Saturday, 22 August 2009

From the Mouths of Babes and Black-headed Gulls

Black-headed Gull with hapless Brambling

Notes on yesterday's video clip.
During a large 'fall' of migrant birds onboard Buchan Alpha on 13th October 2005, a seemingly healthy Brambling was caught by the Black-headed Gull, shaken by the neck until dead, then swallowed whole. With some photography restrictions on Oil Rigs, this was the final opportunity to capture a 'still' of this strange event.

Convolvulus Hawk-moth

Tachina grossa

An early morning walk around Radipole only produced over-flying Sparrowhawk and Greenshank, and with a 2.4 metre spring tide Ferry Bridge was bye-passed. The wander from Tout Quarry to the Bill proved equally fruitless, but at the Observatory it was insects that brightened my day. A Convolvulus Hawk-moth dallying after capture last night was a welcome sight despite visiting my own trap on a number of occasions. This insect can reach a length of about 120mm, so is something of a monster among moths in the UK. It should be noted that since moving from a very productive mothing site in Wyke Regis, I no longer trap here in the heart of suburbia.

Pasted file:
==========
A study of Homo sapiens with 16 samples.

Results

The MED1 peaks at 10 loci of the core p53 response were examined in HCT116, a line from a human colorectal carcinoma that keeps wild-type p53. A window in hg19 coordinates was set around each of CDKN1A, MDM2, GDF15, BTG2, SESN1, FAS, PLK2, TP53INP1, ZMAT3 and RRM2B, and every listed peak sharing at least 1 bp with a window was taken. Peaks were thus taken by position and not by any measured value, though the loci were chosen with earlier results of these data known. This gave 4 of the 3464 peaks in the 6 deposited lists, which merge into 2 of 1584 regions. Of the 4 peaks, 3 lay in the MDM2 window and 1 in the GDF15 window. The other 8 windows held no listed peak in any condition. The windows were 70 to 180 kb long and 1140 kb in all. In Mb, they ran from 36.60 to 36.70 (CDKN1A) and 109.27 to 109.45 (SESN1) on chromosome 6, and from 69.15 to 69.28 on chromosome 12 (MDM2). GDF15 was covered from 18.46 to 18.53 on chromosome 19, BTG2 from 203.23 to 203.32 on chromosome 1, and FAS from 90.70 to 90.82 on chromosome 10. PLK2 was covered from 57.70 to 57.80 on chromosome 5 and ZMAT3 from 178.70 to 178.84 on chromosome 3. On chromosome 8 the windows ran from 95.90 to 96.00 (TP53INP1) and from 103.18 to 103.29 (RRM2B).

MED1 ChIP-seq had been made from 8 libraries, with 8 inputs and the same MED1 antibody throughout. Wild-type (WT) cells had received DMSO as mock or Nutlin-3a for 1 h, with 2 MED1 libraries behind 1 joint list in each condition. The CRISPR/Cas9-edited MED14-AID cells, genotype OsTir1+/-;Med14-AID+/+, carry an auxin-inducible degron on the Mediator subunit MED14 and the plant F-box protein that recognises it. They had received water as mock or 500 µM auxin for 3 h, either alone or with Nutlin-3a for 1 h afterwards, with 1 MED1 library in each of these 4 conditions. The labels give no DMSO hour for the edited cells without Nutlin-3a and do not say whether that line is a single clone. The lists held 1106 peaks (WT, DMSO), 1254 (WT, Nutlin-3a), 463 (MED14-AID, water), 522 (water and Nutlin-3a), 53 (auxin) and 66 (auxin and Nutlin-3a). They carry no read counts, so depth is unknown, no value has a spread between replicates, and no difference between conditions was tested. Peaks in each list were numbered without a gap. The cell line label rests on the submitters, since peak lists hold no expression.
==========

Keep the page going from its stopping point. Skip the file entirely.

Next, I reported to those around me, what I described as a strange looking 'bee' only to be put right very quickly by a 9 year old boy. He told me that it was in fact Tachina grossa the largest of the European Diptera (Flies). He went on to say that it is parasitic on the caterpillars of Oak Eggar Moths, where the female injects her eggs into their body cavity, with the newly hatched gaining nourishment as they eat their way through the caterpillar's living body. A little gruesome for a young lad you may feel, but I got such a kick out of being educated by one so young. This was by no means a 'one off' as he went on to tell me that among many other things he has already seen all of the resident British butterflies. I got a feeling that the future is in good hands.